A Vietnam veteran reflects on the war’s Memorial in Washington, DC:
The monument itself is a kind of symbolic account of the war. You descend into it, just as we descended gradually into the war. It begins around your ankles, with low granite panels and you must bend down to read the names. Small panels; just a few names, just a small war. These are the names of the first to die. On other war memorials, the names are filed alphabetically, so that even in death, the soldiers are just as trapped in a bureaucratic filing system as they were in life … It really is an historical memorial, not a stone filing cabinet of names.
The war rises to meet you. Panel by panel, you descend into the roster of the dead. Soon you are in over your head. “Now I understand,” I thought, “why they dug a ditch.” …
And as I read the swarm of names, my eyes lose focus, until I am no longer looking at the names, but at myself standing among them …
I could not avoid thinking about the new wall that must be built, the wall for the Iraq war, so much like this now ancient war. How many panels will it take, how much stone will have to be polished and scratched to list the names? How similar were the arguments, arguments that so many of us fervently believed? “We must fight them there so we don’t have to fight them here!” “We are making progress; we have turned the corner; there is a light at the end of the tunnel!” …
What wall should we build for the new batch of dead? I suggest a labyrinth, one where visitors would enter and then spend panicked hours among the names of the dead trying to find a way out. Or perhaps we could dig some catacombs and relocate all the dead into the niches. Then we could wander among the bodies of those whom our political indifference and moral obtuseness had killed.
I, who opposed and did not serve, have nothing to add.
A 70-year-old Orthodox Monk (and Police/Fire Chaplain) recounts his days of weight training:
I was soon made to feel at ease after one of the trainers approached me, offering to help me get started. Grateful for the direction, I began what was to be a mainstay of my physical exercise for years to come. I didn’t stop weight lifting until I’d become a monk, and have regretted the decision to stop until this very day …
The very day I walked into Laprinzi’s Gym, another young man walked in for his first try at weightlifting. But, unlike myself, he was too prideful to accept direction from anyone. He stupidly turned down the offer of a trainer, and proceeded to weight lift without professional guidance. Some six months later, my trainer quietly pointed to the other young man, saying, “David, do you notice the difference between your body and his? Since he has been his own trainer, he sees only his front side, so his muscle development is concentrated in his upper arms and chest. His back muscles and legs are underdeveloped, so he looks like a skinny ape”.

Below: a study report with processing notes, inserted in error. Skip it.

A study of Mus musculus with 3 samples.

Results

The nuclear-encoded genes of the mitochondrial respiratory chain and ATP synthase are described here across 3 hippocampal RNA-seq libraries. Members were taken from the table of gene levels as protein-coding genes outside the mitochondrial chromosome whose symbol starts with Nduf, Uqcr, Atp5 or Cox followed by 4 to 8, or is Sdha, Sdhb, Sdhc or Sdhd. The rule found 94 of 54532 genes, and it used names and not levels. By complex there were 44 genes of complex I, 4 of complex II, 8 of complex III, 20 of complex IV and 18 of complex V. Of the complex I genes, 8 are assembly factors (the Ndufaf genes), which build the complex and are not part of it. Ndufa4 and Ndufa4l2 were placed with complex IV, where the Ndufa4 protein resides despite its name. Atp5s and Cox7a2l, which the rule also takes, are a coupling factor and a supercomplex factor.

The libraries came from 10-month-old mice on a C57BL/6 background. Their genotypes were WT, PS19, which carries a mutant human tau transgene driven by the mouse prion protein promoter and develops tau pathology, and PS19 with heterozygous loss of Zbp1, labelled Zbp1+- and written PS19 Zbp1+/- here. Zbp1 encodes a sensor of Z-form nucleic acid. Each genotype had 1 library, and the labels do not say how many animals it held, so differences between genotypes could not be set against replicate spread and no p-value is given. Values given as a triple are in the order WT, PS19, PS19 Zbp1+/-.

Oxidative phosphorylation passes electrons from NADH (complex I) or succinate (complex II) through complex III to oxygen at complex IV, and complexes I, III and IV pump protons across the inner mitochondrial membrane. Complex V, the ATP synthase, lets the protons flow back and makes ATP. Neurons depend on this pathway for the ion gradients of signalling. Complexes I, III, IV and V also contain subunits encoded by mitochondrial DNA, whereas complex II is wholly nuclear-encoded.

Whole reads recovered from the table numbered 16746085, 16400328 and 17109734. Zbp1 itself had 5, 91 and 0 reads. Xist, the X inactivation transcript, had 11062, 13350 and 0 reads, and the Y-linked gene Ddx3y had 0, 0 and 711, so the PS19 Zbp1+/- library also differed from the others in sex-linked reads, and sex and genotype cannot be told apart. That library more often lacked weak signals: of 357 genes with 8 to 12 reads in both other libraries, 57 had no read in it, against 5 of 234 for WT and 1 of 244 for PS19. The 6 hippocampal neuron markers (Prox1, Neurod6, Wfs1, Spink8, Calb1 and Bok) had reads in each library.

I share this story because of the saying in Orthodoxy, “The man who is his own spiritual director, becomes the disciple of a fool.” When we embark on the spiritual path, we need the direction and foresight of someone who is experienced, for there are all sorts of traps ahead ….
A week after release of Amoris Laetitia and the New York Times (albeit this time in an OpEd) still can’t stop being the smirky-face friend of Pope Francis who makes enemies of his Church superfluous:
- Yes, sex. The pope approves of it, in many forms.
- skeptics were disappointed that the latest apostolic exhortation did not change church teachings
- the document signals the end for one particular kind of medieval millstone
- an institutional cancer tied to its own awful pathology
- a self-professed less-judgmental church
- the everyday lives of people who don’t believe that they should be constantly reminded of their inadequacies
- Sex was dirty. Sex was shameful. Sex was unnatural. (Emphasis added)
- Sex had one purpose: procreation, the joyless act of breeding.
- [A]dmonition No. 256 in the Baltimore Catechism … warned about the dangers of “sinful curiosity, bad companions, drinking, immodest dress and indecent books, plays and motion pictures.” … [T]hat sounds now like the dynamics of a good dinner party ….
That’s maybe 2/3 of Timothy Egan’s piece. If Egan is Catholic, as I assume, he could use a little dose of that good ole Catholic guilt, and perhaps a conversion to Unitarian Universalism, where the only sin is believe there’s such a thing as sin.
But I’ll give him a little credit for this:
The old message was: If you break the rules, you’re condemned. Shame, shame, shame. The new message is: Welcome, for forgiveness is at the heart of this faith.
I always thought forgiveness presumed sin. Maybe Egan is counseling continuing in sin that grace might abound? You can’t expect coherence from anyone but Douthat when the Grey Lady publishes about the Christian faith.
UPDATE: Rod Dreher shows the absurdity of Egan’s Catholic guilt “canard,” which probably is the best noun for this sort of vacuous flippancy.
Pope Francis … is speaking to a world that does not want to hear what the Church has to say about sex and sexuality. He’s living in a world in which people like Timothy Egan will tell lies about the Catholic Church and what it teaches about sex.
But here’s the thing: no matter how much Catholics take the Egan line, and live by it, they will be guilty. And deep down, they will know it.
It will be to no avail. As with various kinds of Deniers, you can’t shame a hack whose salary depends on preaching flippant canards to the progressive choir. Egan’s OpEd is still featured Saturday.